A common medication used to treat parasitic infections could leapfrog to the top of medical science’s brain-cancer arsenal.
Pure scientific research funded by federal grants has led to this potential oncological breakthrough by the Feinstein Institute for Medical Research, the research-and-development division of the Northwell Health system. Marc Symons, a professor in the Feinstein Institute’s Karches Center for Oncology Research, is exploring the use of mebendazole – a medication commonly used to treat pinworms – in the fight against brain cancer.
The pinworm – species Enterobius vermicularis, for those keeping score – is a parasitic worm sometimes incorrectly referred to as an “intestinal worn” (the organisms don’t always reside in the intestines). The relatively large multicell creatures, which are generally big enough to be seen with the naked eye, live inside and feed off of living hosts, usually disrupting the host’s nutrient absorption and causing various complications.
According to a research effort spearheaded by Symons, mebendazole stands toe-to-toe with highly toxic medications currently used to treat brain tumors – and may even provide benefits not found in those other treatments.
Current brain-tumor treatments include surgery, radiotherapy and chemotherapy. While chemotherapy is a common anti-cancer weapon, brain-tumor chemotherapy presents several specific challenges, primarily due to the blood-brain barrier, a natural defense mechanism that prevents foreign substances in the bloodstream from entering the brain.
For example, vincristine – a highly toxic drug routinely used in brain-tumor cocktails – does a poor job of crossing the blood-brain barrier, severely limiting its effectiveness.
Symons and his team focused on mebendazole, which in previous studies had been found to kill isolated glioma tumor cells in laboratory conditions. Low-grade glioma is one of the most common brain tumors.
In further laboratory tests, the Feinstein Institute researchers affirmed that mebendazole functioned similarly to vincristine without the toxicity or blood-brain barrier difficulties – and also effectively slowed the growth of glioma tumors, something vincristine doesn’t do.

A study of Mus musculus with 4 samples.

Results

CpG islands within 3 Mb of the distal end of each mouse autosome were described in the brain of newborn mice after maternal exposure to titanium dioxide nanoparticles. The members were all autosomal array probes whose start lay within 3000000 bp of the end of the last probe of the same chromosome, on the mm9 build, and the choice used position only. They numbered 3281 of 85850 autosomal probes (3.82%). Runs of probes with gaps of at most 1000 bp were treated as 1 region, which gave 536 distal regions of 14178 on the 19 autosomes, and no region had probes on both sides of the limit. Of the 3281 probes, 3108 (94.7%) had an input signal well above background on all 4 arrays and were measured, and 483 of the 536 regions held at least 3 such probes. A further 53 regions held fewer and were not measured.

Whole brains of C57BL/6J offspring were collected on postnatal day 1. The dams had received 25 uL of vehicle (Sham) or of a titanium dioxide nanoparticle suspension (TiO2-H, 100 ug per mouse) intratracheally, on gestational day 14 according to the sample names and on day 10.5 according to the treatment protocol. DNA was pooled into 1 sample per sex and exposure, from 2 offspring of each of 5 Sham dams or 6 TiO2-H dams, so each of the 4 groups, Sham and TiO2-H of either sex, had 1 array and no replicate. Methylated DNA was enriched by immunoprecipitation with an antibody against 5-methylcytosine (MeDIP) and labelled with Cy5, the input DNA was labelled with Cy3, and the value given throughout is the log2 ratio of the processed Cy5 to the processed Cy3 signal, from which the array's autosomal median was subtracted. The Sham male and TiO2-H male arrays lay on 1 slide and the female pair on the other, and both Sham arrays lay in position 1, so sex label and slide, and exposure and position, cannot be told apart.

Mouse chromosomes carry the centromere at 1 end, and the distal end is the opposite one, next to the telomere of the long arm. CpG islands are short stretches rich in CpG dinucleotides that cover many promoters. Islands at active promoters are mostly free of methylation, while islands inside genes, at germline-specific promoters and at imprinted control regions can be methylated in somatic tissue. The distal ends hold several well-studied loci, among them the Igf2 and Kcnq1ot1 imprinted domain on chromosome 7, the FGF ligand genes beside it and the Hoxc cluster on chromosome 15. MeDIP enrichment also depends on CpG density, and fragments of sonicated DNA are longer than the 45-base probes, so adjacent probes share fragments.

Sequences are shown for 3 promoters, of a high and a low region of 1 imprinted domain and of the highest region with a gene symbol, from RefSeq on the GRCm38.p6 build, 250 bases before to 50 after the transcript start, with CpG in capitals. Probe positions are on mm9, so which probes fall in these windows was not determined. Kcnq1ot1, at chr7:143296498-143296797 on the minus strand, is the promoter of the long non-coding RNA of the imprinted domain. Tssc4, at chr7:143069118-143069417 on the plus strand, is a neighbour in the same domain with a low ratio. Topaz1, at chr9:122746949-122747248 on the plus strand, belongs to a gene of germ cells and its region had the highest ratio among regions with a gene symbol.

“We were rather surprised to see that vincristine, which is currently used to treat a range of different brain tumors, was totally ineffective in our in vivo glioma model,” Symons noted. “In contrast, in the same model, mebendazole performed quite well, most likely because mebendazole crosses the blood-brain barrier and reaches the tumor much better than vincristine.”
In addition to verifying the efficacy of mebendazole as a glioma-tumor terminator, Symons’ team may have also come up with an explanation of why vincristine is mistakenly viewed as a viable brain-cancer medication.
“Vincristine may be erroneously believed to be effective for the treatment of brain tumors [because] it always has been used in combination with other treatments,” the doctor noted.
Based on those findings, Symons et al are “strongly motivated” to initiate clinical trials and determine if mebendazole can truly replace vincristine in those brain-tumor cocktails, according to the Feinstein Institute.
Even the mere consideration of such advances highlights the importance and potential of laboratory-based science, noted renowned bioelectronic medicine researcher Kevin Tracey, president and CEO of the Feinstein Institute.
“Sometimes innovation can be looking at an existing treatment in a new light,” Tracey said in a statement. “This new approach needs to be tested in clinical trials, but with Dr. Symons’ new findings, we may be closer to a new treatment option that could prolong the lives of the patients suffering from low-grade glioma and other brain tumors.”